The brief plays an integral part in creating a successful result but writing a clear, concise and effective brief isn’t always as easy as it sounds. The finished work will be a reflection of the brief provided so it’s important to take the time to get it right.
Let’s take a look at the elements of a successful brief.
Introduce the project to the creative team.
This is the big picture overview and background to the project, including business conditions and objectives, market conditions, opportunities and problems. It’s easy to write a novel in this section but keep it succinct. Exclude irrelevant information.
Discuss the objective of the campaign – the desired effect. What should the audience think, feel or do.
Who we are talking to.
Paint a profile of the audience – how they think, feel and behave as opposed to numbers and percentages. Go beyond basic information of age, location and gender to humanize demographic details into insights and lifestyle information. A useful technique is to ‘tell a story’ of your average user – where they live, what they like and dislike, what sites they visit and how they think and behave in relation to your product or industry.
The most important thing to say or show.
Identify the single most persuasive statement, compelling visual or intriguing idea that you can present to achieve the objective. This is often in the form of a Unique Selling Proposition – an unambiguous sum of all the features and benefits that differentiates you from your competitors or industry. Keep it simple. Remember that the result will reflect the initial brief so if you give a confused or complex focus you can’t expect a concise and effectual result.
The underlying truth.
This is in bold as it is the single most important aspect of creating an effective, relevant and successful campaign. It incorporates all of the above points into a deep understanding, an underlying truth, which is a revelation on the ‘true nature’ of the relationship between your audience and your business/product. All great advertising is based on an exceptional and unique insight and gives creativity perspective and inspires resonance with the audience.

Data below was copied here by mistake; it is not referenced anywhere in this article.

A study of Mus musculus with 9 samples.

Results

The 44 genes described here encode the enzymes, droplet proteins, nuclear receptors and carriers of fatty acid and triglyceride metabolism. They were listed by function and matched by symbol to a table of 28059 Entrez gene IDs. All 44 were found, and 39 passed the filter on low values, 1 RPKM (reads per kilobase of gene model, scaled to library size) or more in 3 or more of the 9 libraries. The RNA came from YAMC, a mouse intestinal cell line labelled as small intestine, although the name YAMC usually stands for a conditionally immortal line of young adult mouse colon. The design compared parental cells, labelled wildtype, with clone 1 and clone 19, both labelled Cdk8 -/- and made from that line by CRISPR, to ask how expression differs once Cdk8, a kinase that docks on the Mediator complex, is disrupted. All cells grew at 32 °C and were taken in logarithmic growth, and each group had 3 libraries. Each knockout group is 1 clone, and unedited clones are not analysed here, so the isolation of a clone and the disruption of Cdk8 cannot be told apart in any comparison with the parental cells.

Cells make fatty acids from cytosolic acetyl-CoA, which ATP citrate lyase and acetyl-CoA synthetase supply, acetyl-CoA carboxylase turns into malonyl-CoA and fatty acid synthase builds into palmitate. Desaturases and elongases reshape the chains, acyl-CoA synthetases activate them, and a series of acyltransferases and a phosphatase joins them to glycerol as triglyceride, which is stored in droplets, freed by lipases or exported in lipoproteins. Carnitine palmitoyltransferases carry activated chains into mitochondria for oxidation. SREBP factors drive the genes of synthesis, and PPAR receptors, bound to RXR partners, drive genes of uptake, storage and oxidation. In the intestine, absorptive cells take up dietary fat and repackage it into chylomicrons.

When executed successfully it captures the rational and emotional reasons for the consumer to take action, hence giving the campaign weight and efficacy.
Take the time to get this right, research and examine thoroughly, break it down again and again to uncover that nugget of truth. Great ideas invent themselves when you have a great insight.
Anything else that might help.
Consumer insights, memorable quotes, brand personality descriptions, tag lines, mandatory elements and desired tone of voice are all examples of supplementary information that is relevant and can aid the creative process. As mentioned before keep it succinct and simple, irrelevant information will just distract from the original purpose.
Include details on media, sizes, presentation requirements and production specs. Also specify timelines and dates for reviews, revisions and presentations.
You should also write the details for the people involved in the project; account managers and strategists, client contacts and information and anyone else that is involved that may need to be contacted.
There is no point rushing the brief and expecting creative teams to decipher its meaning and create what you expect. The result reflects the brief and to get the most out of a creative idea it needs to be grounded and guided. If you follow these points it is more than likely that you will get not only an innovative and captivating campaign, but one that is effective and successful too.